Mistake #1: No preparation. A mistake I made early on was not thinking about what I wanted out of the meeting. Was I expecting to walk away with a new client? Could the person I was meeting connect me to someone I wanted to meet? Who did I want to meet? Was there someone in my network that I could connect to the person I was meeting? In other words, I didn’t prepare properly. I learned my lesson. Now when the other person says “so how can I help you,” I whip out my list of 3 – 5 names to which I’d like to be connected. It all starts with preparation.
By now, everyone knows that LinkedIn and Facebook are great resources for gathering information about people. I want to know if we have any common interests or experiences. I also look at company websites to see who they target as customers to see if there are ways we can help our mutual businesses.
Mistake #2: No show. It can be a challenge to schedule a meeting because anyone you really want to meet already has multiple obligations making it difficult to find an open date. But if we’re agreeing to meet it means we both expect to get something of value from the meeting. So not showing up is bad. I’ve waited at coffee shops for people who never showed and never called to let me know they couldn’t make the meeting. It’s hard not to take it personally. To limit the no show problem, I confirm via email a day or two before the scheduled date. When I’ve screwed up and missed a meeting, I’ve emailed or called the other person as soon as possible to apologize. I want to limit the damage done to my reputation.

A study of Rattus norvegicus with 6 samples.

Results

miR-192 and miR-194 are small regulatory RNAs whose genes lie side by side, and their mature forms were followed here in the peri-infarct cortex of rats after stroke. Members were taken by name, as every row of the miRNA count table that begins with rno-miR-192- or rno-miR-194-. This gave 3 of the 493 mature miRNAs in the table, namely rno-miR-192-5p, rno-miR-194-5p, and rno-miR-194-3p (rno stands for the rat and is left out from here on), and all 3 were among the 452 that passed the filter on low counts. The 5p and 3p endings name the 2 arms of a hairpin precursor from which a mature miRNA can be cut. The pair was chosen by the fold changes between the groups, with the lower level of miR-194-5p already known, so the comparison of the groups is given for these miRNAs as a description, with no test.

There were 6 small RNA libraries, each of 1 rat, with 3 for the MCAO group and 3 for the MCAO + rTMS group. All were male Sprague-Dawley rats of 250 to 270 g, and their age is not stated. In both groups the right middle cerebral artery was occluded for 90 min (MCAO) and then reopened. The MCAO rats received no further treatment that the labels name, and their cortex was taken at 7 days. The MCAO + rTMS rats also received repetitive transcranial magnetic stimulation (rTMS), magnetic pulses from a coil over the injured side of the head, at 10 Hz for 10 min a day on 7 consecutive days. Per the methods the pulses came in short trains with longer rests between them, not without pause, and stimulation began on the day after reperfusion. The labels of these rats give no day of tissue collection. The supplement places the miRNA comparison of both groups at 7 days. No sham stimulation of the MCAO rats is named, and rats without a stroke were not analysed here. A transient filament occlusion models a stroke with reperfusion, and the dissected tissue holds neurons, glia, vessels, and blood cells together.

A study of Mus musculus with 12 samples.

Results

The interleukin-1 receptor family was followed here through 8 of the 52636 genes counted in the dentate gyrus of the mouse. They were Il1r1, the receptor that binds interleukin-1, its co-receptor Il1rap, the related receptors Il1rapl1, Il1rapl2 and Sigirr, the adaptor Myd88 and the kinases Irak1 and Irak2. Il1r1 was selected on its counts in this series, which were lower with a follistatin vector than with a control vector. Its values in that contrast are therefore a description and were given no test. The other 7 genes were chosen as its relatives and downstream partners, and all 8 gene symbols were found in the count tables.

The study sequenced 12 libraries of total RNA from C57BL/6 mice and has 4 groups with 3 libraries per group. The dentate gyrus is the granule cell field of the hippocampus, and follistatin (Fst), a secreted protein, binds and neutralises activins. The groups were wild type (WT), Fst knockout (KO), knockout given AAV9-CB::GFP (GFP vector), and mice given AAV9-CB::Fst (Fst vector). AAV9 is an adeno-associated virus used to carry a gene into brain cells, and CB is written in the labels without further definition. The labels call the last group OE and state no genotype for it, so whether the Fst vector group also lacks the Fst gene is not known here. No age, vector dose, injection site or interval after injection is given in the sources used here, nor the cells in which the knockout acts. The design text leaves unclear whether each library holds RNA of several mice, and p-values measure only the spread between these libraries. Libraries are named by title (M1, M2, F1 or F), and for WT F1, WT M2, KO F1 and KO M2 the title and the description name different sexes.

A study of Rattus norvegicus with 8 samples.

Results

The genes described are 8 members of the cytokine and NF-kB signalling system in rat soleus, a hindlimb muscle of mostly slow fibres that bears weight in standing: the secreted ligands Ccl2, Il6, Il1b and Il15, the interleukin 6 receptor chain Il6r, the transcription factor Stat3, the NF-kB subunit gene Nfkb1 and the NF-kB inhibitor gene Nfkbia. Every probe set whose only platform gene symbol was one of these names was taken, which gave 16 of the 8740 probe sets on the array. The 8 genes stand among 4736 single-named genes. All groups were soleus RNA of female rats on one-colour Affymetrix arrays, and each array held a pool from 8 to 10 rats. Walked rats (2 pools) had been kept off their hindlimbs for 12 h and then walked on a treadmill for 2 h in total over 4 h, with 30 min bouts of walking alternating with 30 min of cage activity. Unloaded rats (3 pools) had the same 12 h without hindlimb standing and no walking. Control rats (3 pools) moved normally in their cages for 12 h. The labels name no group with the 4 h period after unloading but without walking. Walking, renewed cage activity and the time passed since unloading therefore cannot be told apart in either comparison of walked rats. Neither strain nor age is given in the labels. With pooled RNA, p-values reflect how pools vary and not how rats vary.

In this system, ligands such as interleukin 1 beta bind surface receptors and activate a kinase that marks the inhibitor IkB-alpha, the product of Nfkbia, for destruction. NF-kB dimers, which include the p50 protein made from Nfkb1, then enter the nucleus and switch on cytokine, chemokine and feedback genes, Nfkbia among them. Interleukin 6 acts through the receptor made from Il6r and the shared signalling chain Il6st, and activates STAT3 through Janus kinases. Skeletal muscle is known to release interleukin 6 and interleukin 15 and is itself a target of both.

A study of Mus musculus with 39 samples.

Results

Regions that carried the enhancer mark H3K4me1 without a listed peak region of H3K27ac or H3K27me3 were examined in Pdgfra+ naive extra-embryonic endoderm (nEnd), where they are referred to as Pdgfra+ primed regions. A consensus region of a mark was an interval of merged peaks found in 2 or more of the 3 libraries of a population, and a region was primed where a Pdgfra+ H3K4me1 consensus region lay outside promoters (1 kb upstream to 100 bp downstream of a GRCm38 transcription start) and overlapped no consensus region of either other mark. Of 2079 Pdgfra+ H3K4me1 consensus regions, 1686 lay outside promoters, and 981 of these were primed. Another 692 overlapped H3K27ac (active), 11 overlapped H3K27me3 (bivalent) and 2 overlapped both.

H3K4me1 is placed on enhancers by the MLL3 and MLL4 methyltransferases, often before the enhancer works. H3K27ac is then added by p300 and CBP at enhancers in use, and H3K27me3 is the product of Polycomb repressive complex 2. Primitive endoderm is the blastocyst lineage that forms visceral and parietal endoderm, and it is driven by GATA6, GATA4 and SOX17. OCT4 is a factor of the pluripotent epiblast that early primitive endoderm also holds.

Mistake #3: No referrals. I’ve lost count of the coffee meetings I’ve had where the other person offered nothing. What was the point of meeting if you’re not prepared to make connections? One of the most effective networkers I know goes into each meeting expecting to connect the other person with at least one person in his network. Even if he doesn’t get any referrals, he’s helped the other person achieve a goal. My networking improved when began using the same approach. If I can help others achieve their goals, I will eventually be rewarded.
As I continue to hone my networking skills, I’m sure my list of networking mistakes will also be refined. Meanwhile, I continue striving to avoid committing my top 3 mistakes of networking.
Norma started her company, Corporate Compliance Risk Advisor, to help employers create human resources policies for their employees and employee benefit programs that are appropriate to the employer’s size and budget. The goal is to have structure without bureaucracy. Visit Norma’s website: www.complianceriskadvisor.com/.